2011 Draft Grades: Arizona Cardinals

GM Rod Graves proved in this draft why he is one of the most under-appreciated draft decision makers in the business. The Cardinals had glaring holes at quarterback and on the offensive line; but without any elite players at those positions in the draft, Graves made the wise decision to simply target the best player on the board.

In the 1st round that player was clearly Patrick Peterson. He was the No. 1 prospect in the draft in my opinion, and getting him at No. 5 is an absolute steal. Peterson and Dominique Rodgers-Cromartie have the potential to form one of the league’s most feared cornerback duos.

I was surprised by the selection of Ryan Williams in the 2nd round, but when you consider the struggles of Beanie Wells through his first two seasons it makes sense. They probably aren’t giving up on Wells, but Williams is a smaller, more athletic runner and will be a nice compliment to Wells’ north/south style. Tim Hightower is a free agent and will likely be the odd man out.

In the 3rd round Rob Housler was a reach, but fills a glaring hole at tight end. Stephen Spach and Ben Patrick simply aren’t threats in the passing game and both are free agents. Housler is still very raw, but has the size and athleticism to be a matchup nightmare for opposing linebackers and safeties. He may take some time to develop, but has a very high ceiling.

I love the selection of Sam Acho in the 4th round. He’ll backup Porter and/or Haggans at outside linebacker and will likely be given an opportunity to win a starting job down the road. Additionally, he’s a high character guy that will be a great addition to their locker room. It was an excellent value pick at that point of the draft.

The selection of Anthony Sherman is somewhat confusing, especially because Arizona now has four fullbacks on the roster – and that’s four more than some teams. I’m not particularly high on him, but it’s tough to judge the selection until we see how they use him.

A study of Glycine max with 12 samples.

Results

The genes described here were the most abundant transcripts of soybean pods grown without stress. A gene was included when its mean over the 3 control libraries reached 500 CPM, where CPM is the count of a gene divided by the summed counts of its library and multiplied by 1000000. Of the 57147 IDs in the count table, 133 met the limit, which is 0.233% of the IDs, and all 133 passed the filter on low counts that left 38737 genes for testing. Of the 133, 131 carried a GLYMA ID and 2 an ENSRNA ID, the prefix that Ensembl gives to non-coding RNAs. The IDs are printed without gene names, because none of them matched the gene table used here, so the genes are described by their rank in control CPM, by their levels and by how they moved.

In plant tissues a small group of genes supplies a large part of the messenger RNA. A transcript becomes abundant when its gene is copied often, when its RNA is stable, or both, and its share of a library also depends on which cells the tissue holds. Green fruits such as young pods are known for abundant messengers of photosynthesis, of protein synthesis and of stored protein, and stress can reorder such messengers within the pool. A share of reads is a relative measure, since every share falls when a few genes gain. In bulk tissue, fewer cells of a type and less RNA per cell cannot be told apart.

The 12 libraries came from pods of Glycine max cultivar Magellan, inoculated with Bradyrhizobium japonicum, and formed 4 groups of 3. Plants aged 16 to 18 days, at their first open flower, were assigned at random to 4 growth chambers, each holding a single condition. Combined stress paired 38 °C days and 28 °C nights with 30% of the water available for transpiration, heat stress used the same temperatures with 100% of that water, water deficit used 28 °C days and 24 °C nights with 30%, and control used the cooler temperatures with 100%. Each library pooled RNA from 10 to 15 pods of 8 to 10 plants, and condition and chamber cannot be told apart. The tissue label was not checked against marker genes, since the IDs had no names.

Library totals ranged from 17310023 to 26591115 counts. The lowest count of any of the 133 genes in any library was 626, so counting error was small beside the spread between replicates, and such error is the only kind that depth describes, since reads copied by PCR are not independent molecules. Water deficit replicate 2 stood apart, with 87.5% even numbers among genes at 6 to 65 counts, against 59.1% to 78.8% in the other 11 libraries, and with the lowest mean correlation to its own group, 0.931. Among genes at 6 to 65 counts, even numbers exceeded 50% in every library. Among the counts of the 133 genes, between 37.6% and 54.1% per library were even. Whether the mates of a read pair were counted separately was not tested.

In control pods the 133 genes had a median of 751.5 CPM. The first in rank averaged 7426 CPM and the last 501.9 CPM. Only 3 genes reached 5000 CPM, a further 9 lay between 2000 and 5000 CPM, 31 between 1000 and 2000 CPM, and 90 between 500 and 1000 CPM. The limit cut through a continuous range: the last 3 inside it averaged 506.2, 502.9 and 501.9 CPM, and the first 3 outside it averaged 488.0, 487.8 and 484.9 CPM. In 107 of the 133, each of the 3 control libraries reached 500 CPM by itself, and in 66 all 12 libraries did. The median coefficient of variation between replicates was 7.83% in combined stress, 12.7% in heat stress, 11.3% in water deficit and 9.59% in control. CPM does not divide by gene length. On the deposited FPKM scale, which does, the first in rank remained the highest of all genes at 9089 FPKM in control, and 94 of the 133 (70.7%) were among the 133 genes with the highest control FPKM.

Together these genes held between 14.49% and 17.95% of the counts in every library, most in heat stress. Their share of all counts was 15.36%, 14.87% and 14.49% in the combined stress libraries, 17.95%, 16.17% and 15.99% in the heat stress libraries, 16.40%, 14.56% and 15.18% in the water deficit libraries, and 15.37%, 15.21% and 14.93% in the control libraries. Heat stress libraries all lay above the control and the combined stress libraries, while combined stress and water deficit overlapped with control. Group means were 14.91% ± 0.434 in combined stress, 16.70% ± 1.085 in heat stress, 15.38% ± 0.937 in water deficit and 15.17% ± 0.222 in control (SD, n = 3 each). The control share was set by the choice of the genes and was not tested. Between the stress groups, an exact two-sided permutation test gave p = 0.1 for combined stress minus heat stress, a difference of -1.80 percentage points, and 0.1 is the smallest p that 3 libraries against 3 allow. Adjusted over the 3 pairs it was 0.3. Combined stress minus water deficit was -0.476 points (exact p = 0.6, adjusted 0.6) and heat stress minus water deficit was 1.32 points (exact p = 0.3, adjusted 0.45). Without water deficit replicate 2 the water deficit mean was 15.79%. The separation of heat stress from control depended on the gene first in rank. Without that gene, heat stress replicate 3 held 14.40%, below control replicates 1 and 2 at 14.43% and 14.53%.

I was shocked to see Quan Sturdivant fall to the 6th round. There are some injury and character concerns (arrested for marijuana possession) but I certainly never expected this free fall. The fact that he tumbled so far makes me wonder if some red flags were raised in interviews – but whatever happened, he’s still well worth the risk in the 6th round.

David Carter only has one year of starting experience and I don’t think he’s a particularly good fit for the Cardinals 3-4 defense. He doesn’t appear to have the athleticism to play end, but isn’t big enough to be a true nose tackle. They also didn’t have a great need for depth at the position, which may make it difficult for him to find a spot on the roster.

Demarco Sampson has shown some talent, but has very little upside. He missed two consecutive years due to injury while at San Diego State and will turn 26 during his rookie year. He’s going to have a hard time finding a spot on the 53-man roster.

Overall, this was a solid draft for the Cardinals. I really like Rod Graves’ approach in the early rounds. However, at some point you do have to address your needs. If the plan is to bring in a veteran quarterback, that’s fine, but it doesn’t excuse the fact that the offensive line went untouched. No matter who you have under center, you can’t expect him to have Kurt Warner’s lightening-quick release and pocket presence. Until the line is upgraded, the offense is going to struggle to regain their form.

Posted on by Ryan McCrystal in Cardinals, Draft Grades - 2011 1 Comment


Ryan launched DraftAce in 2004. His Top 100 board is currently ranked 1st out of 20 publications in The Huddle Report's five-year averages. His mock draft is ranked 10th out of 32 competitors.You can also find Ryan's weekly Heisman Predictor series on ESPN Insider every fall.